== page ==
Grounding, Soothing Colors and Themes
For some time now, it has been the style to make a kid’s bedroom feel like a carnival ride or an explosion of Saturday morning cartoons. The problem with this, of course, is that while these types of decors are conducive to playing, they are not conducive to restful sleep. And since restful sleep nourishes every aspect of a child’s health and overall well being, this is a challenge for a whole number of reasons. What’s more, if a child is of school age, he or she will not be likely to have an easy time studying in a room like this either.
I’m not saying a room has to be no fun, I’m just saying maybe tone down the super bright, primary colors and replace them with predominantly warm fleshy and earthy tones, perhaps accented with some more muted jewel tones. And, when choosing themes maybe go for something a little cozier and mellow – such as teddy bears, turtles, boats, flowers, or trees – rather than active choices such as loud vehicles, action characters, or pop stars. (Of course, it’s good to give kids some freedom with their choices if they are old enough, but maybe just step in and help establish a nourishing balance of active and grounding.)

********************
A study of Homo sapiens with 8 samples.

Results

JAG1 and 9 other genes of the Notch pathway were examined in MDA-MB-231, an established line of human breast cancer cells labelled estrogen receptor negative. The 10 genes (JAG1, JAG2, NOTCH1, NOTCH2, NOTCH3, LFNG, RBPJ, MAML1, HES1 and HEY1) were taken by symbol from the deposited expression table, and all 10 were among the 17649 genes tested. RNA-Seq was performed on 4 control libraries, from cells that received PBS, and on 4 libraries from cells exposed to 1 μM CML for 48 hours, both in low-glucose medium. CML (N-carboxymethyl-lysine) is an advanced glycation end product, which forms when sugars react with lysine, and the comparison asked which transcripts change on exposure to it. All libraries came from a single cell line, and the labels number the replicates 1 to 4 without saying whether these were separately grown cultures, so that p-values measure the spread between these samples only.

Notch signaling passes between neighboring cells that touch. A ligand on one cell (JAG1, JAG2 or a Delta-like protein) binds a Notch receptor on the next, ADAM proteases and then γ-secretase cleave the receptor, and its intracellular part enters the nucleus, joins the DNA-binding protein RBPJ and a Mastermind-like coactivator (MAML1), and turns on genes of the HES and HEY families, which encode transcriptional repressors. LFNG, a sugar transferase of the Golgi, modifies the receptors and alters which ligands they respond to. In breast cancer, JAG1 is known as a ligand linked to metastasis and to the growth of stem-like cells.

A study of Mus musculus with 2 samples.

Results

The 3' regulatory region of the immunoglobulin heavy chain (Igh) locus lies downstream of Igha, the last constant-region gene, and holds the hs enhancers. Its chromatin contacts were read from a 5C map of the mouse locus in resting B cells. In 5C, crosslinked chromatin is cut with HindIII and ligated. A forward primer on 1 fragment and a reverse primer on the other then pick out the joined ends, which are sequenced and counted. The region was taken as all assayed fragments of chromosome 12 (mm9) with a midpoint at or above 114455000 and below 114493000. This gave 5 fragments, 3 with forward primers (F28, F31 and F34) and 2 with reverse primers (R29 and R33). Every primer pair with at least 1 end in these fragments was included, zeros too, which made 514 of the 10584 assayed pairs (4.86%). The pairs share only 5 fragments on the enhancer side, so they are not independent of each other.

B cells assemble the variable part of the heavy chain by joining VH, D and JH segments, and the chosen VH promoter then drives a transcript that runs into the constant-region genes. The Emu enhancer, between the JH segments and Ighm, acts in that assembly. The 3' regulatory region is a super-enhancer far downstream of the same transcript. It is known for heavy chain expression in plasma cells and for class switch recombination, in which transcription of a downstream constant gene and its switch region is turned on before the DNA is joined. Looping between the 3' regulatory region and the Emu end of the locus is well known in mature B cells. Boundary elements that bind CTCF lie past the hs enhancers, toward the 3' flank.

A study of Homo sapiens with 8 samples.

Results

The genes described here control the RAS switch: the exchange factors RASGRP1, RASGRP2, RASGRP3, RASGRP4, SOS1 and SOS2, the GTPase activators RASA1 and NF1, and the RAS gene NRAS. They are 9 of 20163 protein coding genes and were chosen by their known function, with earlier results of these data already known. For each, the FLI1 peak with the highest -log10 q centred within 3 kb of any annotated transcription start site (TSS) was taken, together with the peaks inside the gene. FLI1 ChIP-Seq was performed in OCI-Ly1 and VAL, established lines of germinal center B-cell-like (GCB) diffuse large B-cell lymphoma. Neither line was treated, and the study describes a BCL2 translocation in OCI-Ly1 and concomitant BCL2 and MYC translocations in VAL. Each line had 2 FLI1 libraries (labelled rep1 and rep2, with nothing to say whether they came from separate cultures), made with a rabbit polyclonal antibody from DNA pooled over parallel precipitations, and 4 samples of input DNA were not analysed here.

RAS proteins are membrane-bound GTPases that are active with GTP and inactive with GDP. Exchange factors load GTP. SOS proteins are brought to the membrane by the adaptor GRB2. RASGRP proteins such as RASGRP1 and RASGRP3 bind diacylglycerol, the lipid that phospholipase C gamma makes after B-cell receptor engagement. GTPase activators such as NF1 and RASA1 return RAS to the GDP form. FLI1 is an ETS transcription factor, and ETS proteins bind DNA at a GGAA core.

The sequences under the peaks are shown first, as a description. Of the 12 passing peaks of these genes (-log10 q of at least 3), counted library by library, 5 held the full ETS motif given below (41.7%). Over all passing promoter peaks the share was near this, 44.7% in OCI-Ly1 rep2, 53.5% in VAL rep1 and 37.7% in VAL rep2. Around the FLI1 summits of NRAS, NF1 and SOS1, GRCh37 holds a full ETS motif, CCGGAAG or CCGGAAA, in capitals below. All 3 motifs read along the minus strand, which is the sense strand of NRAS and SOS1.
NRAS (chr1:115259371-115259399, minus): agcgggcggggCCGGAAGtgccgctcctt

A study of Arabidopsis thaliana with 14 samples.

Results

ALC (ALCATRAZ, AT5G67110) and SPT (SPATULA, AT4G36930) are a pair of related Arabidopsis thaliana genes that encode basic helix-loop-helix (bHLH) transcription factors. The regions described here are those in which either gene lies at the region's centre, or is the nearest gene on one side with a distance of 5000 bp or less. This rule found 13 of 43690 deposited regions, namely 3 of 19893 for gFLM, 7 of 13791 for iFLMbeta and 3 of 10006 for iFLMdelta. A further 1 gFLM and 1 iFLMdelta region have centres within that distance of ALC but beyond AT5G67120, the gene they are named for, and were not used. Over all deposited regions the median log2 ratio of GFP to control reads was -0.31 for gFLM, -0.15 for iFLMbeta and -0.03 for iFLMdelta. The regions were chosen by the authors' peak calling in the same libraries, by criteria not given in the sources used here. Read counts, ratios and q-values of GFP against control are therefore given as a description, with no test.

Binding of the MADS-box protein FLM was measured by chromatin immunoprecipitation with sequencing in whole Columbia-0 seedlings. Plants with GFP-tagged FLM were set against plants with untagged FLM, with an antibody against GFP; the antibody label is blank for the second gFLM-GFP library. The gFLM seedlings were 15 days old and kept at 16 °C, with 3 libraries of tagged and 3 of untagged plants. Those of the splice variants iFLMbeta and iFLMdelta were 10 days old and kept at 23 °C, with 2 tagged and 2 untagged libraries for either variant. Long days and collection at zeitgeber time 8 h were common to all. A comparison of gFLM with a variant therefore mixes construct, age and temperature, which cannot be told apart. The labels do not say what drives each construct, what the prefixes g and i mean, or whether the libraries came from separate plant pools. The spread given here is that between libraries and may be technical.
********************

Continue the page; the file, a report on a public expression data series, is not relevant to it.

Clutter in bedrooms can make it difficult to sleep and focus, since on some level, our awareness takes note of everything in our environment. And I know that clutter seems to accumulate around children at least twice as fast as around the average adult – which is why it’s especially important to clear out the old as often as possible. Since some degree of clutter in kid’s bedrooms is all but inevitable (let’s face it), it’s also a good idea to choose things like cupboards, chests, and drawers rather then shelves so that you can hide all the little doo-dads and create a more relaxing, centering vibe. Or, if you already have shelves, you might consider curtaining them.
Distinct Study Area
When a bedroom doubles as a study area, it can be helpful to set up the study area in such a way so that the child isn’t gazing toward her toys or her bed as she tries to study. This is because gazing in either direction will siphon off some of her mind’s ability to focus on her studies: the former will remind her of play, and the latter will remind her of sleep. So, while in many cases (i.e. adults’ office areas), facing desks toward the wall is not ideal, in kid’s rooms, it can often be the best option.